Young Indians flock stock market amid Covid-19 crisis

stock market amid covid-19 crisis
Stock market needs a long-term game played with test match temperament rather than a T-20 mindset.

By Badri Narayanan Gopalakrishnan and Anish Uppal

The Covid-19 outbreak in 2020 saw the Indian economy slipping into a recession, pushing millions of middle-class Indians into unemployment and poverty. But the country’s stock market has taken an entirely different trajectory. Financial year 2021-22 saw the stock brokerage industry notching up an income close to Rs 28,500 crore ($3.6 billion), more than a third above the previous year’s income.

The financial year also saw millions of new investors entering the stock market, enticed by the gains made by benchmark indices Sensex and Nifty in the last 12 months. The year saw the opening of a record 14.2 million demat accounts, nearly three times the figure in the previous year.

The year saw a large number of millennials moving towards dual or multiple income sources, and the stock market seemed to be a great investment option. A majority of those who opened demat accounts this year are in the age group of 20-30 years. This shows that Indians are restructuring their finances and looking for new opportunities to make money.


The lockdown period has been a time when Indian investors, old or new, came into the equity market in large numbers. As more investors decided to dabble in stocks as they stayed indoors and got more free time to follow the stock market. Trading volumes, too, rose accordingly. But, a majority of the new participants who entered have no knowledge of stock analysis and end up losing money rather than gaining. This is why the stock market is quoted as a gamblers den or satta bazaar.

New age investors and traders often look for ways to make a quick buck which brings them into stock market. The desire to make quick profits often leads them to losses. They have no idea of risk management, trading psychology or capital preservation. It is the money that lures them into trading. But, trading, in itself, is much more than just money.

The key element of trading is not the capital, psychology or risk. Rather, it is the way one looks at it. Trading is a demanding path in terms of mental and emotion health. If one does not have a healthy outlook about trading, one cannot survive on that path.


Trading as a business has always been a fascinating domain. It is not only profitable and scalable, but also is sustainable. But only a few people associate trading and business together and often the absence of this thought process leads to failure. Just like any other business, trading also requires time, patience and an edge. A few initial drawdowns should never be treated as losses. They should be treated as business expenses. Similarly, all profits should be reinvested in your business to make it more scalable and more profitable.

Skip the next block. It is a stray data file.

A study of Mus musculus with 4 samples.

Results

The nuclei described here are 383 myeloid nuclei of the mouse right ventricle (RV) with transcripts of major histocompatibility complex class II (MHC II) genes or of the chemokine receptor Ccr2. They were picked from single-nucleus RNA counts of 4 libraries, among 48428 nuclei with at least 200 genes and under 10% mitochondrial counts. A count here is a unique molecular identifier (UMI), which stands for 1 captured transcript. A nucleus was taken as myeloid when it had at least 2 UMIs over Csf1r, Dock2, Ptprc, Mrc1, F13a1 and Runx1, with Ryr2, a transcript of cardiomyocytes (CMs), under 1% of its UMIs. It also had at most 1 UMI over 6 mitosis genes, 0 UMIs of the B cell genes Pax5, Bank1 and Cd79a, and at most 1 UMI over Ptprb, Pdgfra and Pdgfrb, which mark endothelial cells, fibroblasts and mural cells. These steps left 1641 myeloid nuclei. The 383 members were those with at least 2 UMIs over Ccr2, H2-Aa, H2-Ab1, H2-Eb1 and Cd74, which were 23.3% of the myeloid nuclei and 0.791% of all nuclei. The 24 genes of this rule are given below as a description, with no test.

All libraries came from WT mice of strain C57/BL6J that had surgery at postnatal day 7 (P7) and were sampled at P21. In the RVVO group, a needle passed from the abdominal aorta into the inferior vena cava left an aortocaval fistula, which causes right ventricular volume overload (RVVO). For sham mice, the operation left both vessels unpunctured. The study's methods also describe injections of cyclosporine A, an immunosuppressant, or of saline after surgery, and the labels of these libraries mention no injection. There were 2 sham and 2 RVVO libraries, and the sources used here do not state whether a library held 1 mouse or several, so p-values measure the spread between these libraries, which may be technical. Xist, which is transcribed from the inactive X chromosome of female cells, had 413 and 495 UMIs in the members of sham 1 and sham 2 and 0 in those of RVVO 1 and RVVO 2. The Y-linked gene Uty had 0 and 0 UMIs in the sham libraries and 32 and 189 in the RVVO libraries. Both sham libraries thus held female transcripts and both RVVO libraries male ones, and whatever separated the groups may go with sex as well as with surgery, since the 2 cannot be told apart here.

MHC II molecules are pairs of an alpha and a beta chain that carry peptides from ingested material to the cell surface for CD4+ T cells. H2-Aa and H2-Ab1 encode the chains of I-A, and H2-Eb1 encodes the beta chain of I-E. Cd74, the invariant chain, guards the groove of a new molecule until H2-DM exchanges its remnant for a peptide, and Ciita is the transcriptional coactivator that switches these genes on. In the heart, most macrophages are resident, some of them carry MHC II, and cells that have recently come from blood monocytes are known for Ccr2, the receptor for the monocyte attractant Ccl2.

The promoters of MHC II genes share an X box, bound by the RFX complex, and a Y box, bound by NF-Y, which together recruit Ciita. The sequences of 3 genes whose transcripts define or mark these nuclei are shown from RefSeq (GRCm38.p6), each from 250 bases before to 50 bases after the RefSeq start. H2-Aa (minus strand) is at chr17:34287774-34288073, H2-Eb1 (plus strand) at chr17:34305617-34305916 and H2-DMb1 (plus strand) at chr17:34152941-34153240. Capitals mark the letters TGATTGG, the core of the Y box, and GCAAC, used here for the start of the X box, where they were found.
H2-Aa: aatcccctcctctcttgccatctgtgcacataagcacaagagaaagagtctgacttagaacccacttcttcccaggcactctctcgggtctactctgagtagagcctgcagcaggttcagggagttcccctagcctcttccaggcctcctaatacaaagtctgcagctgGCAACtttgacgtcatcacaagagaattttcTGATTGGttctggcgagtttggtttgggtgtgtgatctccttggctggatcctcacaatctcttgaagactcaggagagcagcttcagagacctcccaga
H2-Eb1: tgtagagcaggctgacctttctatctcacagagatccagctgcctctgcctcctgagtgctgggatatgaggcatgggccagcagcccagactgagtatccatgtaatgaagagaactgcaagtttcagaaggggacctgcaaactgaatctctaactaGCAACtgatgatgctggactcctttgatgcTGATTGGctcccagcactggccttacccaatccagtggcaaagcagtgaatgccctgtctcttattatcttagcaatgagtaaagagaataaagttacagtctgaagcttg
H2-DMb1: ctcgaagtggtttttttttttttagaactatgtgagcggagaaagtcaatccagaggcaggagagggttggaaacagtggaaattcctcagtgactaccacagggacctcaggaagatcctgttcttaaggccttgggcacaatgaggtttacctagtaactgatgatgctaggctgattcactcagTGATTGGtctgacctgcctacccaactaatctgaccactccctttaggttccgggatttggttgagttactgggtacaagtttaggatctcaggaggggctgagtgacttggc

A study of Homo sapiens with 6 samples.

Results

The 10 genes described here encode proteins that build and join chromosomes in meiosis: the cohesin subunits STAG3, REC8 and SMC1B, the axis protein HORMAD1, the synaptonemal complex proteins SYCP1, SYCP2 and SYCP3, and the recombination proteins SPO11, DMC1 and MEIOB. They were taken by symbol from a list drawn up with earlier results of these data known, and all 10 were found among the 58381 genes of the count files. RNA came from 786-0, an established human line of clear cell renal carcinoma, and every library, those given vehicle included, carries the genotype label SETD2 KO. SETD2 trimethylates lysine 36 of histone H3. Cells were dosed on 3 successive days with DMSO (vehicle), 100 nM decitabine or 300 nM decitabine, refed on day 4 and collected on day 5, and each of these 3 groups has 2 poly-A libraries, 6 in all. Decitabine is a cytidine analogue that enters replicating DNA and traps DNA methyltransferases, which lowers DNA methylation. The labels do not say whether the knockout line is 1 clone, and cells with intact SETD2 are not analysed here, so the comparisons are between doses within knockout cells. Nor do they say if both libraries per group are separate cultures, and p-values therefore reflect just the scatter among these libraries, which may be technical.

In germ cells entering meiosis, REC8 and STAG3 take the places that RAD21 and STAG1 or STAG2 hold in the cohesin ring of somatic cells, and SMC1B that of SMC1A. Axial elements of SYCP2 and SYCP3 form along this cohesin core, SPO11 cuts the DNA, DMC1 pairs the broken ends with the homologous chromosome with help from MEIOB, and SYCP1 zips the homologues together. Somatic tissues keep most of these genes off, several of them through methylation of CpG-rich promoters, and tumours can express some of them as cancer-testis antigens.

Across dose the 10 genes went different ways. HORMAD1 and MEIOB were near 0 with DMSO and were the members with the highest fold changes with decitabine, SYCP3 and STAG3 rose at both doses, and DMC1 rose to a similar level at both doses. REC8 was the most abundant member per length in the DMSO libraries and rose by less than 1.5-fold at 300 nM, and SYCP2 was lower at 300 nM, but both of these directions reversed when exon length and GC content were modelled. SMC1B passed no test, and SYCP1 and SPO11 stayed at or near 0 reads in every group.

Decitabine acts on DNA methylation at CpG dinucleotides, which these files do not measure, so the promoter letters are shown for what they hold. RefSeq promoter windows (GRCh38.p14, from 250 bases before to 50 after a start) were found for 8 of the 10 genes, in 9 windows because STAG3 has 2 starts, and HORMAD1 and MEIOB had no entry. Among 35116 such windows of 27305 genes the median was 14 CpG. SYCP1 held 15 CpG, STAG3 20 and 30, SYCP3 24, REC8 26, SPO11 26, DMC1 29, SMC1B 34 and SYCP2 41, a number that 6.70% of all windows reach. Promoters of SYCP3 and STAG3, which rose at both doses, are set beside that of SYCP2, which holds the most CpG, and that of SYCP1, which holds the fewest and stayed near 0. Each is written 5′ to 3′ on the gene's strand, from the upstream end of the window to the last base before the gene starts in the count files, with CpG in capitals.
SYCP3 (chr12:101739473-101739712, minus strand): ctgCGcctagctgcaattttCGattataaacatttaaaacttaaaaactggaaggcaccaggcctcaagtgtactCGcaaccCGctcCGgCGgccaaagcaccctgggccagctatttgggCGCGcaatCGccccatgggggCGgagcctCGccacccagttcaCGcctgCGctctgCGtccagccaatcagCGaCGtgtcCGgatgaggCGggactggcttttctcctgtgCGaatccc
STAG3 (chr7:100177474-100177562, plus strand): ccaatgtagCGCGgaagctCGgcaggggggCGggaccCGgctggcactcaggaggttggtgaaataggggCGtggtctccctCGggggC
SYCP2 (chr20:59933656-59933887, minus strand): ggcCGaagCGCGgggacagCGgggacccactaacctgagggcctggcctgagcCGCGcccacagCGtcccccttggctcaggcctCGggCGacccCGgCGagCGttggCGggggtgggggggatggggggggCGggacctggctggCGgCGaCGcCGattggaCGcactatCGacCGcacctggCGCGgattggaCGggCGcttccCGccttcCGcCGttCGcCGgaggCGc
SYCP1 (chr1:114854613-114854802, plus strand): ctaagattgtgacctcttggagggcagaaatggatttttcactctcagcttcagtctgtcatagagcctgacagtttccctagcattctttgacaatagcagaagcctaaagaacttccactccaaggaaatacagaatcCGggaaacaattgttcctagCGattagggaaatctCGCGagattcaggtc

Moreover, there are a number of factors that affect a trader’s performance such as technology, news, and surroundings. Even the mood affects the journey of a trader, being happy after a profit or sad after a loss sets the course of performance for the next trading day. Being overconfident or underconfident often leads to taking wrong decisions. Many stock market players often correlate their moods with their PnLs, which should not be the case. Being neutral under every circumstance is a super power when it comes to trading.

Also, one needs to consciously approach trading as a business, in case one intends to advance from an average trader to a successful one.

A number of people want to pursue trading as a career or as a side hustle, but have no proper vision either due to lack of resources or lack of guidance. Trading can be a fulltime job, if one is dedicated enough. No, it is not recommended to leave your current job and immediately start trading. Invest some time in gaining the required skills and then plan for the future course of action.

Five lessons for aspiring traders

  1. Start with small capital
  2. More focus on gaining knowledge
  3. Consider losses to be tuition fee for market
  4. Follow the process and not the money
  5. At least 6 months of learning before earning

Presently, 90% of the traders end up losing their capital in the first month of trading due to lack of knowledge about risk management, position sizing, and trading plan. Trading is much more a game of emotions than it is of numbers. It is the emotions that help traders to stay in the game after few bad numbers.

The simplest way to improve one’s trading skills is by learning from people who already are full time traders or by being a part of communities that constantly share knowledge on a regular basis. Often a number of people fall prey to false channel mediums claiming to be experts in trading. One must also stay away from such mediums.

To be part of the other 10%, one must do what those 90% are not doing. Trading is a long-term game that should be played with a test match temperament rather than a T-20 mindset. Hard work, patience, resilience and dedication are some qualities that win test matches.

(Dr Badri Narayanan Gopalakrishnan is founder and director at Infinite Sum Modelling. Anish Uppal is a researcher at Infinite Sum Modelling and founder, The Trader’s Journal.)